The Supply Chain Daily provides a curated overview of Panjiva's research and insights covering global trade policy, the logistics sector and industrial supply chains and draws from global shipping and freight data.

H&M, Ascena appear to follow different routes for back-to-school imports
The specter of increased U.S. tariffs on Chinese exports is hanging over the back-to-school shopping season. The breakdown of U.S.-China negotiations in May may have led to stockpiling of back-to-school products. U.S. imports of laptop computers rose 22.3% year over year in the second quarter, led by a 50.6% jump in June. There was a 1.6% year-over-year decline in July, including a slump in shipments associated with Dell and HP Inc., Panjiva data shows.

Imports of backpacks and stationary, meanwhile, fell 8.8% and 20.2%, respectively, in the three months to July 31 — the peak season for back-to-school imports. An extension of tariffs to all imports from China could be particularly controversial if applied to kids' apparel. While total imports of kids' clothes and footwear rose by just 0.7% year over year in the peak three import months to July 31, there was an 8.0% rise in imports from China including an 18.3% surge in June.

Importers are following a variety of strategies. Imports related to H & M Hennes & Mauritz AB climbed 19.4% over the three-month period despite a 0.3% drop in July. Ascena Retail Group Inc., meanwhile, saw a 2.9% growth in shipments associated with it over the past three months, with a 14.5% rise in July.

(Panjiva Research - Consumer Discretionary)

U.S. electric utilities are starting to feel the impact from the U.S.-China trade war. Southern Co.'s CFO, Andrew Evans, has said industrial sales "were down due to global trade concerns and a strong dollar's impact on trade." Similarly, American Electric Power Co. Inc.'s CFO, Brian Tierney, has said that "more restrictive trade policy [has] challenged export manufacturers within AEP's footprint."

Industrial customers accounted for 35.6% of AEP's sales in 2018 and 32.9% of Southern's. The degree of impact from the trade war will also depend on the proportion of each utilities' service areas' exposure to China.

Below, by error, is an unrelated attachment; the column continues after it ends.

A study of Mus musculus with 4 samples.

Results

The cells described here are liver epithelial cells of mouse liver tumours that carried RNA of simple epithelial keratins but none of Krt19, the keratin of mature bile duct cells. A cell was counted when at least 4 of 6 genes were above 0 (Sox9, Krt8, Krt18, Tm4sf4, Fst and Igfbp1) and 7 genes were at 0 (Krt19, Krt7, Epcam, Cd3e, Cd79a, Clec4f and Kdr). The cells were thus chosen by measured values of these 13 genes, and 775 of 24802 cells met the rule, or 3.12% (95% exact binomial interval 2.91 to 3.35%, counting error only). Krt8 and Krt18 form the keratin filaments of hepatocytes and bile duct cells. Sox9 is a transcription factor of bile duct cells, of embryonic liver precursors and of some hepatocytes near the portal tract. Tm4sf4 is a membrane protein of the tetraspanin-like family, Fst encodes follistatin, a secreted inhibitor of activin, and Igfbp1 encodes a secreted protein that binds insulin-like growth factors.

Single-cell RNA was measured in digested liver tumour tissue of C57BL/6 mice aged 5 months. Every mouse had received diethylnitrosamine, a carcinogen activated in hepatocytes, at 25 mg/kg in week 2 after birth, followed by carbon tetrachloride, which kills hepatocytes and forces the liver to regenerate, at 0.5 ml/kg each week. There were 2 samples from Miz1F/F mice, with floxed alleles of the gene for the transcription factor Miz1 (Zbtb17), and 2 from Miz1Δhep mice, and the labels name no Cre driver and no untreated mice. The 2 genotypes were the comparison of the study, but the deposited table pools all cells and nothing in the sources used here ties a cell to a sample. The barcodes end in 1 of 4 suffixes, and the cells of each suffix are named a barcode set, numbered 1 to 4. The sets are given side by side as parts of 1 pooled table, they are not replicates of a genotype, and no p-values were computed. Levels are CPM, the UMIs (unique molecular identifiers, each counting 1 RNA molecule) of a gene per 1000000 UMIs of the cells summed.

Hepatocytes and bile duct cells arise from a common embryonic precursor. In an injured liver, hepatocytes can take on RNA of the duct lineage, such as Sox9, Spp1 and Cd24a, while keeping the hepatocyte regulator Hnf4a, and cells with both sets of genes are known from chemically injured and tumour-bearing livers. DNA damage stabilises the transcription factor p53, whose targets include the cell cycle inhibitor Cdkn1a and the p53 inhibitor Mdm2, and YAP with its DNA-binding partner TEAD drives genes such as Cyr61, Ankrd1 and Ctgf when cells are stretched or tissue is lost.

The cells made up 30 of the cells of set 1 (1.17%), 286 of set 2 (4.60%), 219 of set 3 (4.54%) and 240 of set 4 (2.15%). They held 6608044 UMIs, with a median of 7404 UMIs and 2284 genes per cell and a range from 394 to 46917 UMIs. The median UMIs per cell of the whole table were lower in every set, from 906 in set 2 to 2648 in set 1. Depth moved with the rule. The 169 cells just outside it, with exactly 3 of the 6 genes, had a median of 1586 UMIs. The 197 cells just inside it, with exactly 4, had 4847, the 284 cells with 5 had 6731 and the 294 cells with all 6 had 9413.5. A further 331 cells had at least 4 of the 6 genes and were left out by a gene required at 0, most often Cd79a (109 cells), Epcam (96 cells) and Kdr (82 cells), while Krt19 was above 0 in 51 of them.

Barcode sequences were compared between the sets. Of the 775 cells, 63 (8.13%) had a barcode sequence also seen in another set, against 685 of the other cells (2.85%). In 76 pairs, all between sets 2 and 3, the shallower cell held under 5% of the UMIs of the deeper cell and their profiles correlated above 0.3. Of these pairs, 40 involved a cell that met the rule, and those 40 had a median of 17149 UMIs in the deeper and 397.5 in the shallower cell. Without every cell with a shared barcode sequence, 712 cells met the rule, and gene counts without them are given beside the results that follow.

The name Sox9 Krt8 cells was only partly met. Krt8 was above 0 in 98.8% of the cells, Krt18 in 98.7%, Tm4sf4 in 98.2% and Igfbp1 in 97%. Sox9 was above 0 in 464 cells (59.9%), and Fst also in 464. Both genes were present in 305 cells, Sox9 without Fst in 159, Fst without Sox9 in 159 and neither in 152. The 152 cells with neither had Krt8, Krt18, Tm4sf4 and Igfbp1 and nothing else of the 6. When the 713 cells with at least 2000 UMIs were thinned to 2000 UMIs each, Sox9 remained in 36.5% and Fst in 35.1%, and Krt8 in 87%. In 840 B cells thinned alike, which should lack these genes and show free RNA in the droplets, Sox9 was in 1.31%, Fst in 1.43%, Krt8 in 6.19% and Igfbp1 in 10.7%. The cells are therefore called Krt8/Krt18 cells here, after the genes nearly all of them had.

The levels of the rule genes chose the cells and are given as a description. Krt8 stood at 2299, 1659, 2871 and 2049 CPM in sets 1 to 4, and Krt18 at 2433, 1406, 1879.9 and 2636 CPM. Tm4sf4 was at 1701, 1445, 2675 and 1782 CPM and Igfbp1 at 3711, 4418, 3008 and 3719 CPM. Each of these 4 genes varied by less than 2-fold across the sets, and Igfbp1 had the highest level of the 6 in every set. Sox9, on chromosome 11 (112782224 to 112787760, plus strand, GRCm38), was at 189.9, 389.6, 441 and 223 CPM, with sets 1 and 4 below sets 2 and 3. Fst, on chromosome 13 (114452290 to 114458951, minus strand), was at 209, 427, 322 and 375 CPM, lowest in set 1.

Taking all the states Southern operates in together, the ratio is 9.1% versus 8.9% for the country in total. Southern's exposure to Alabama — 16.0% of whose exports head to China — is offset partly by Georgia with just 7.9%. For AEP, the overall exposure is a well-below-average 6.2%, though it includes West Virginia at 13.5%.

(Panjiva Research - Utilities)

The container-lines serving U.S. ports experienced a 2.4% year-over-year growth in inbound traffic in July, reversing a decline seen in June, Panjiva's data shows. Within that slow growth rate, there was a marked difference in the performance of the major container lines. A.P. Møller - Mærsk A/S and MSC Mediterranean Shipping Co. SA saw volumes fall 6.2% and 1.1%, respectively, while Yang Ming Marine Transport Corp. had the fastest decline with a 9.0% drop.

The best performer was ZIM Integrated Shipping Services Ltd. with a 27.5% year-over-year expansion in July. That was mostly down to a surge in shipments from Canada, which reached 29.7% of ZIM's shipments into U.S. ports from 3.3% a year earlier. There is some evidence of weakness due to the trade war between the U.S. and China — ZIM's shipments from China to the U.S. fell 6.0%. ZIM's realignment of routes with Maersk and MSC's 2M Alliance may lead to further shifts in its performance in the coming months.

(Panjiva Research - Logistics)

The British government plans to set up a series of freeports to encourage trade and investment post-Brexit. Details are unlikely to emerge in the short term, and the political risks around Brexit may mean the plans do not come to fruition at all. Nonetheless, British ports need a boost to activity.

While port activity climbed 2.7% year over year in the first quarter, this was largely thanks to a surge in imports ahead of the original, end-March Brexit deadline. Comparing the past 12 months to 2015, growth was an anemic 0.2%, while macroeconomic data for the second quarter shows British trade fell 0.2% year over year.

The fastest-growing port in the first quarter was London with a 13.1% year-over-year expansion, including DP World Ltd.'s London Gateway. Similarly, Liverpool expanded by 12.6%, potentially due to a new service run by COSCO SHIPPING Holdings Co. Ltd. using Peel Ports Group Ltd. facilities. At the other end of the scale, Felixstowe — including Hutchison Ports (UK) Ltd. — saw a 6.5% decline as IT problems continued.

(Panjiva Research - Logistics)

US customs duties reach $6.5B in July, list 4 could add another $2.4B
The U.S. Treasury saw a 55.6% year-over-year increase in customs duties paid by U.S. importers in July, reaching $6.47 billion for the month. That was the highest since January when duties were paid for the pre-tariff increase surge of imports from December. On a fiscal-year-to-date basis — Oct. 1, 2019, to July 31, 2019 — the rise in customs duties has accounted for 26.0% of the rise in total U.S. Treasury income.

The average duty rate across all U.S. imports, therefore, reached 3.0%. That compares to a low of 1.4% in May 2018 before the section 301 duties associated with the trade war with China were first implemented.

President Donald Trump's commitment to applying tariffs on all remaining Chinese imports could lead to a further $2.39 billion of customs duties based on imports of so-called list four products for June.

(Panjiva Research - Policy)

Christopher Rogers is a senior researcher at Panjiva, which is a business line of S&P Global Market Intelligence, a division of S&P Global Inc. This content does not constitute investment advice, and the views and opinions expressed in this piece are those of the author and do not necessarily represent the views of S&P Global Market Intelligence.